Accounting News Roundup: EY’s Revenues; Cost of Shutdown; Fed Gas Tax Anniversary | 10.08.13

EY reports 2013 global revenues of US$25.8 billion [EY]
"This represents 7.7% growth over the previous financial year in local-currency terms, EY’s fastest growth since 2008. Revenues grew 5.8% in US dollar terms. All EY’s service lines and geographies continued to grow revenues and headcount despite uneven market conditions in many parts of the world." And here's a nice info graphic:

Ernst & Young Revenue Grows 5.8% [WSJ]
Ernst's growth trend held up relatively well compared with other major accounting firms that recently reported slowing growth. Last week, PricewaterhouseCoopers said its revenue was up 4% from the previous year when foreign-exchange rates are held constant—lower than the previous year's growth of 8%. Deloitte Touche Tohmatsu said in September that its fiscal 2013 revenue had grown 3.5% in U.S. dollars, below the previous year's 8.6% growth.

Shutdown Costs at $1.6 Billion With $160 Million Each Day [Bloomberg]
The shutdown cost $1.6 billion last week in lost economic output, according to IHS Inc. (IHS), a Lexington, Massachusetts-based global market-research firm. As the showdown enters its eighth day, the office closures are now draining an average of $160 million each workday from the $15.7 trillion economy.

SEC Looking into Accounting at ACS [Reuters]
Xerox Corp said the U.S. Securities and Exchange Commission is investigating certain accounting practices at Affiliated Computer Services, which it bought in 2010 for $5.5 billion. The investigation is focused on whether revenue from some ACS equipment resale deals should have been presented on a net rather than gross basis, primarily before the acquisition, Xerox said in a regulatory filing. Xerox moved into business services with its purchase of ACS, the company's biggest deal in its 106-year history. The company now gets more than half of its revenue from services.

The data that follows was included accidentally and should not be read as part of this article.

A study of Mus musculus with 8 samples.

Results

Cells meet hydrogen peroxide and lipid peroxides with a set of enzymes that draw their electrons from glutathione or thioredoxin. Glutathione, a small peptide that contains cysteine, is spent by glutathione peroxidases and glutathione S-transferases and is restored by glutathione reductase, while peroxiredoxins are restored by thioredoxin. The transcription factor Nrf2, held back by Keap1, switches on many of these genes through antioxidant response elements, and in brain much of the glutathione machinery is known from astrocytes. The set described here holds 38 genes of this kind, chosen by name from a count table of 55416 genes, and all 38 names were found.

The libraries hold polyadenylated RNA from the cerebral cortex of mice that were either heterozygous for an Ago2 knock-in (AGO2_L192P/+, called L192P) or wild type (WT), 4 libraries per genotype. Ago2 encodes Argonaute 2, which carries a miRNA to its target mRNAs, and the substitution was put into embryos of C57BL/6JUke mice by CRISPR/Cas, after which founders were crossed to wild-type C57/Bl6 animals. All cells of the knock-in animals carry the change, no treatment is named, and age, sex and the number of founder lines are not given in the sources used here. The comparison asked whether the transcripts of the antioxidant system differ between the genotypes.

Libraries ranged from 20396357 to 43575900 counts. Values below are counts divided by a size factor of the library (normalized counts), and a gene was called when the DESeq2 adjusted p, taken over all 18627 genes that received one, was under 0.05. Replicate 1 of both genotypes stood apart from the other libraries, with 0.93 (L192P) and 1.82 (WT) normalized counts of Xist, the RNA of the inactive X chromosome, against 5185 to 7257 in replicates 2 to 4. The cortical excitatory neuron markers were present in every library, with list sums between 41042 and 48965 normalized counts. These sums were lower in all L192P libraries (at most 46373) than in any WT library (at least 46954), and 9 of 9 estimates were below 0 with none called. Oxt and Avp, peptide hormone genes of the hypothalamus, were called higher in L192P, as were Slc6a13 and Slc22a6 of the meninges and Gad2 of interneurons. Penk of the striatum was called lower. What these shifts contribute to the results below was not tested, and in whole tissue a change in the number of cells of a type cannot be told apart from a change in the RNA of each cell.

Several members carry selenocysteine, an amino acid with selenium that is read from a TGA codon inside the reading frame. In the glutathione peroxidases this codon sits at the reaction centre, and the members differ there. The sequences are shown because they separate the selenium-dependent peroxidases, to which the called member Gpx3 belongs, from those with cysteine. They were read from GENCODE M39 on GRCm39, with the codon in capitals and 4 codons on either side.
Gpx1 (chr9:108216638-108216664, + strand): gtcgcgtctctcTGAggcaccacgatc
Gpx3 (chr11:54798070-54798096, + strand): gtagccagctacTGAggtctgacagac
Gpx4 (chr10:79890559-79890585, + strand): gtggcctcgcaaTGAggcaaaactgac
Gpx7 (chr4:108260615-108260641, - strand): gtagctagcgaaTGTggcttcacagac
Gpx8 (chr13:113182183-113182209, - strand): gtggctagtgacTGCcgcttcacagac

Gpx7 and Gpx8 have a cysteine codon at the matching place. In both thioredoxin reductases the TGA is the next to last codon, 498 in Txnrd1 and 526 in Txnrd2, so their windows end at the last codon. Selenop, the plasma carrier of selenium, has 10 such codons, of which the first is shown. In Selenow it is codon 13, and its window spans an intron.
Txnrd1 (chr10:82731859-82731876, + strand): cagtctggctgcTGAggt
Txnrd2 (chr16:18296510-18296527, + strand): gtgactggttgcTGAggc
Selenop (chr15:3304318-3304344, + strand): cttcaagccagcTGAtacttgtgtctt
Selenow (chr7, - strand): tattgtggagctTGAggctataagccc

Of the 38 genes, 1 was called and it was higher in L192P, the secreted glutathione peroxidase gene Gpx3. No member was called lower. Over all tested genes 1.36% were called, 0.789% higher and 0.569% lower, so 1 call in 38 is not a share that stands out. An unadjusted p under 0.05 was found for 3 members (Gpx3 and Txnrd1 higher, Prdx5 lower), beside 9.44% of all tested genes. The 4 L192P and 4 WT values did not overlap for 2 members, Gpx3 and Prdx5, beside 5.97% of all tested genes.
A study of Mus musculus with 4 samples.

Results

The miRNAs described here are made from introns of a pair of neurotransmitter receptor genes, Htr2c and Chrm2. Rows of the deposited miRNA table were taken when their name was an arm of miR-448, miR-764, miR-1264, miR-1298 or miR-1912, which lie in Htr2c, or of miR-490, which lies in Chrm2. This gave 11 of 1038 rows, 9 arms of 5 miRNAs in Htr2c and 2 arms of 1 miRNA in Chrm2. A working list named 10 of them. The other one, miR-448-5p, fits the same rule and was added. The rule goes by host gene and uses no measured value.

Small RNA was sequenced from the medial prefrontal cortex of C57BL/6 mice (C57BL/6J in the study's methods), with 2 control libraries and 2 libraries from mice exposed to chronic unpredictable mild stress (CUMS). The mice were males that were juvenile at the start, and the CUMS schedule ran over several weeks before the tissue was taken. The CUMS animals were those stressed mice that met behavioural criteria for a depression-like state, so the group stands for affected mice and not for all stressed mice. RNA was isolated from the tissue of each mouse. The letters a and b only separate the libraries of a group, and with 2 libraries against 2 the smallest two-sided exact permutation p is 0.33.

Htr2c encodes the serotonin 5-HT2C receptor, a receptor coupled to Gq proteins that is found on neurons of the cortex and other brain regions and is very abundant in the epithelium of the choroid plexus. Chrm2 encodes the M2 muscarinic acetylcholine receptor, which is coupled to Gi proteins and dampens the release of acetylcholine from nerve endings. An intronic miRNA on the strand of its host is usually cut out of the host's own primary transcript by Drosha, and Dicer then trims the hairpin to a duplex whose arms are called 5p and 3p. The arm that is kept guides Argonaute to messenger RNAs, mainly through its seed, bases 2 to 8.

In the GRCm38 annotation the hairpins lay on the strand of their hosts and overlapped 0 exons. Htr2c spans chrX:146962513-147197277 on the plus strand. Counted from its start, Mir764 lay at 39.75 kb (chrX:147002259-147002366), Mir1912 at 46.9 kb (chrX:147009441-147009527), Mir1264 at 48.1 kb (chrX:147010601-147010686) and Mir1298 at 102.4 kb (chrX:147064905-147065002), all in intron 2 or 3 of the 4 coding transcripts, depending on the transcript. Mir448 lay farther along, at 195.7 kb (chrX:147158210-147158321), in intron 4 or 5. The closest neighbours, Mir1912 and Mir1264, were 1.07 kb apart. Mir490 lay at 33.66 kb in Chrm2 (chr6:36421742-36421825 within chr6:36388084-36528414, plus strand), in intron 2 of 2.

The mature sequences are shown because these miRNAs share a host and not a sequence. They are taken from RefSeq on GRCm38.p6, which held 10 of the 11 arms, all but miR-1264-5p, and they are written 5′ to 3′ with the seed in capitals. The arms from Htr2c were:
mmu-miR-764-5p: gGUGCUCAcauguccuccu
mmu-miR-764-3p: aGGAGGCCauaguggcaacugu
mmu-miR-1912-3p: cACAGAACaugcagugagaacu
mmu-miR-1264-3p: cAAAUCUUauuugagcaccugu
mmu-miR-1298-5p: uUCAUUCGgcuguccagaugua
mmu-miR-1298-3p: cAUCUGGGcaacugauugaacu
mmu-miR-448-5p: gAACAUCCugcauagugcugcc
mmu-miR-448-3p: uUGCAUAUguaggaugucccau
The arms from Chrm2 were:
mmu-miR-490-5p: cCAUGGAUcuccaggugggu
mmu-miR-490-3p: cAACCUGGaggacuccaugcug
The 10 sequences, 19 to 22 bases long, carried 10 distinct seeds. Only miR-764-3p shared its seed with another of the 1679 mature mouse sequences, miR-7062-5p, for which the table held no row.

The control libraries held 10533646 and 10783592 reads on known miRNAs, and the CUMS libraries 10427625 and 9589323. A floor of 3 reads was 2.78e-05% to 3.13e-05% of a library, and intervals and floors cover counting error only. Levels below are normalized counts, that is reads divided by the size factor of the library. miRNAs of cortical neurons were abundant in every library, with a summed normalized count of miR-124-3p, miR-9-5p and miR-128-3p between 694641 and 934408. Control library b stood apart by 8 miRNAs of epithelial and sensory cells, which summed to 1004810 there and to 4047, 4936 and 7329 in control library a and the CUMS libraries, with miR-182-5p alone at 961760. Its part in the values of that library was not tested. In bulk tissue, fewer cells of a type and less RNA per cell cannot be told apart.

New Bill Would Ensure All Pints of Beer Are Really 16-Ounces [TIME]
FTW, Michigan.

Twitter's shady accounting [Fortune]
"It's like the employees are working for free."

Jury Clears PwC Of Giving Bad Advice To Skype Investor [Law360]
 A California jury on Monday rejected an accounting malpractice suit against PricewaterhouseCoopers LLC, finding it did not give Skype Ltd. founding board member Mark Dyne bad advice that resulted in him having to pay $1.4 million in taxes when eBay Inc. bought Skype.

Federal gasoline tax celebrates 20 years without an increase [DMWT]
Hoo-RAH.

Sex Toy Company Offers Pleasurable Relief From The Government Shutdown [HP]
Vibrators.com is giving away as many as 200 sex toys daily to government employees during the shutdown. The promotion, which began last Friday, started slow, with 400 vibrators given away over the course of the weekend. On Monday, Vibrators.com turned up the speed, filling out orders of their daily stock of 200 toys before noon.